Many years ago I realized that I had a habit of, or perhaps even an addiction to, proving my worth through constant activity.
But before I divulge my own path to realization, I’m curious to know how many of these statements describe you?
- As much as you crave white space on your calendar it also gives you anxiety.
- You notice yourself checking your phone obsessively throughout the day, particularly when you are tired, overwhelmed, or anxious.
- More than once, a close friend or family member has said something about your compulsion to engage with your phone or computer and how it affects your relationship.
- When someone suggests that you relax and do nothing, you say to yourself or out loud, “What the heck does that even mean? What do people do when they do nothing?”
- When you do find yourself doing nothing, you feel guilty that you aren’t being productive.
- You mentally tally the number of productive hours you’ve had at the end of the day and judge how you feel about yourself by how full your day was.
- You find yourself “complaining” about how busy you are while simultaneously feeling proud of having so much on your plate that you can barely breathe.
- You say that you’re too busy to meditate, move your body, nap, hang out with your girlfriends, make love, prepare healthy food for yourself, or go on dates (with yourself, your spouse, or new people).
If 3 or more of the above statements describe you, you’re likely addicted to busyness.
For me this addiction started long ago.
Before I was even 10 years old, I used to map out my playdates and make sure I had something scheduled every day after school. I bought my first Day-Timer calendar when I was 14.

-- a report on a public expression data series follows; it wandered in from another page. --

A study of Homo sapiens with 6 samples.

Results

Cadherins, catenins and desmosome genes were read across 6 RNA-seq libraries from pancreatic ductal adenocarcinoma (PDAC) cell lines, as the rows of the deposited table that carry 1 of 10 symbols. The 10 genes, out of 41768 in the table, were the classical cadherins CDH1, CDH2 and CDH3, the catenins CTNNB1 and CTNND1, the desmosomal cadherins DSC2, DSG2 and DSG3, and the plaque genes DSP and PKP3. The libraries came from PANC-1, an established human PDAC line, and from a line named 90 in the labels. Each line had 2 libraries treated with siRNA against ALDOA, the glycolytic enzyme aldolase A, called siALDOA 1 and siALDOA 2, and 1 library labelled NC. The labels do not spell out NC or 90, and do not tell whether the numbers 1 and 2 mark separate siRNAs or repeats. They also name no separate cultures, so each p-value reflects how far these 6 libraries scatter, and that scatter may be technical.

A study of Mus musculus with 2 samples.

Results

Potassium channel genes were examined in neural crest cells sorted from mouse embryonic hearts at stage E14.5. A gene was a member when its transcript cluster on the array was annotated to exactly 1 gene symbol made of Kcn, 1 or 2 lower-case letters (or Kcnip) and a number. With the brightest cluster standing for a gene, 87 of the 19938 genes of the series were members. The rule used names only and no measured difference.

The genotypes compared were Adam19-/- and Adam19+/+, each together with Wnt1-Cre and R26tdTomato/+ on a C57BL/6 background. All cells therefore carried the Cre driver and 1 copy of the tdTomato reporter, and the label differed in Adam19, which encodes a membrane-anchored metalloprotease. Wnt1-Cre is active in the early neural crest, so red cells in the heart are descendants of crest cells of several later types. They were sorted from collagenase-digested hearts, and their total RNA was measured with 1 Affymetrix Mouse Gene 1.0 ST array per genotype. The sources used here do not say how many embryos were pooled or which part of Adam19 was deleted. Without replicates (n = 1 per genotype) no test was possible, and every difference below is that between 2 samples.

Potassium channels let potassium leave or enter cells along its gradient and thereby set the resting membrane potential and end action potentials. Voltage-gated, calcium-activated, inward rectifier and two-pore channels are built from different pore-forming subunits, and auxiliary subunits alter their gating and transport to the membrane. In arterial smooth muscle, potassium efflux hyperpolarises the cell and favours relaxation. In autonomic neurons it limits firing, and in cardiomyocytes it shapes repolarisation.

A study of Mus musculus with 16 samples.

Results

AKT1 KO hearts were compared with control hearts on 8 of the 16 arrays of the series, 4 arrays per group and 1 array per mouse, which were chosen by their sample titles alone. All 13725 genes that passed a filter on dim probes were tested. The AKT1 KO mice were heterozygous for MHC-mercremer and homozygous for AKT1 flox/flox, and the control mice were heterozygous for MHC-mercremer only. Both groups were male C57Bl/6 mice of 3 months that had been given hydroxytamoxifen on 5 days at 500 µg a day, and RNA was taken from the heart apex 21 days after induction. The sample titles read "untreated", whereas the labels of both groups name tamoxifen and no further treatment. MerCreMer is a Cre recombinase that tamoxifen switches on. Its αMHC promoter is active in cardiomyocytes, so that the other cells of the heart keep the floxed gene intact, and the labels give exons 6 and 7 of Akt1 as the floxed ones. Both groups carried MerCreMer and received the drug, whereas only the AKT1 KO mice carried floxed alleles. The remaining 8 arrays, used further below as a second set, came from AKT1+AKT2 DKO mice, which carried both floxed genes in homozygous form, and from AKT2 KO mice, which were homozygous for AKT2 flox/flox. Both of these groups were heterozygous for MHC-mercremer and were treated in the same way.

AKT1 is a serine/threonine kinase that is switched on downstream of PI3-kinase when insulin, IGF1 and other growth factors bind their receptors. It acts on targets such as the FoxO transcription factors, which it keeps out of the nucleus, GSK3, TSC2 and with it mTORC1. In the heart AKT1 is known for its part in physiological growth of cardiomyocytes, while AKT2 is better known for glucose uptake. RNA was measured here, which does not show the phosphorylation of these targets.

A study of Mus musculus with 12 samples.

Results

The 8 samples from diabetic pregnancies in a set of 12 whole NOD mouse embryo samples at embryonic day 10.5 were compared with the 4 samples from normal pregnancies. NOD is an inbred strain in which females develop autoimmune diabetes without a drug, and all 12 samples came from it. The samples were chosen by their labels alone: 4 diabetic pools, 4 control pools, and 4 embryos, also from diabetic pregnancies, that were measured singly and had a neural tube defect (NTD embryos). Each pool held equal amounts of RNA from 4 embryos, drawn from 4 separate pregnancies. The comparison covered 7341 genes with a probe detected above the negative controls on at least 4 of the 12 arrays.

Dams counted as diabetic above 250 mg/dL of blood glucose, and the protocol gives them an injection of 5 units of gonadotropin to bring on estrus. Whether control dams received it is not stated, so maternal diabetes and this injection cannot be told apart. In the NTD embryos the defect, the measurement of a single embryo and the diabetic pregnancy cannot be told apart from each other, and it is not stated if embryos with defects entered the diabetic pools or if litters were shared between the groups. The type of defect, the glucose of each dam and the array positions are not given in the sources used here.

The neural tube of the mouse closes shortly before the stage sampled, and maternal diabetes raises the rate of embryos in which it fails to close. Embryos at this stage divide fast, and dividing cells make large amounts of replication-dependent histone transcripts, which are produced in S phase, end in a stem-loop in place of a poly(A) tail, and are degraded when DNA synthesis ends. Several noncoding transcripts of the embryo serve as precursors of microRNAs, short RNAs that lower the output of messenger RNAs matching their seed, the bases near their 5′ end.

In college, I was incredibly proud of the fact that I was taking more than the required course load, performing regularly with a dance company and in musicals, and starting my first business.
This is all to say that if you’re addicted to busyness, I feel you. Big time.
We live in a culture that celebrates being busy. We are compelled by getting it all done and fitting it all in.
Our tendency to gorge ourselves on food is mirrored by our tendency to gorge ourselves on activity.
My wise uncle Phil said the following to me after he had a very vivid dream about me and my breakneck schedule:
“You’re going to have to learn to stop validating your existence through action.”
That one hit me like a punch in the gut.
What I’ve found is:
The human experience is not so individual. If it’s happened to me, it’s likely happened to you.
Here’s the thing:
Constant doing makes us miss the moment.
How many meaningful conversations in the car with my husband did I miss because I was checking my email for the twentieth time that day?
How many breaths became shallow from being caught in the spin of constant activity?
How many precious moments of stillness did I miss out on because I feared what might come up during the pause?
I’m also so very happy to report that since consciously beginning to practice doing less 5 years ago, my addiction to busyness has reduced dramatically.
Awareness is the first step so if you’re taking it today, yay!
Let’s both be aware together, shall we?
We’re ambitious. That’s awesome.
We’re capable. Go us.
We know how to make sh*t happen. No doubt.
And our worth no longer needs to be proven through action.
Let us know our worth in simply being.
Let us know we’re enough because we are.
Let us begin to let down the burden of busy.
OVER TO YOU:
Which one of the “addicted to busyness” statements above best describes you? Are there any other habits of your addiction? Are you ready to lay it down with me? Leave a comment below. I’m really looking forward to hearing from you
Kate Northrup is an entrepreneur, bestselling author, mother, and founder and CEO of The Origin Company, which reaches hundreds of thousands globally. Kate is committed to supporting ambitious women to light up the world without burning themselves out. She’s the author of Do Less, the Do Less Planner System creator, and runs The Origin Membership, which helps business owners grow their business while doing less.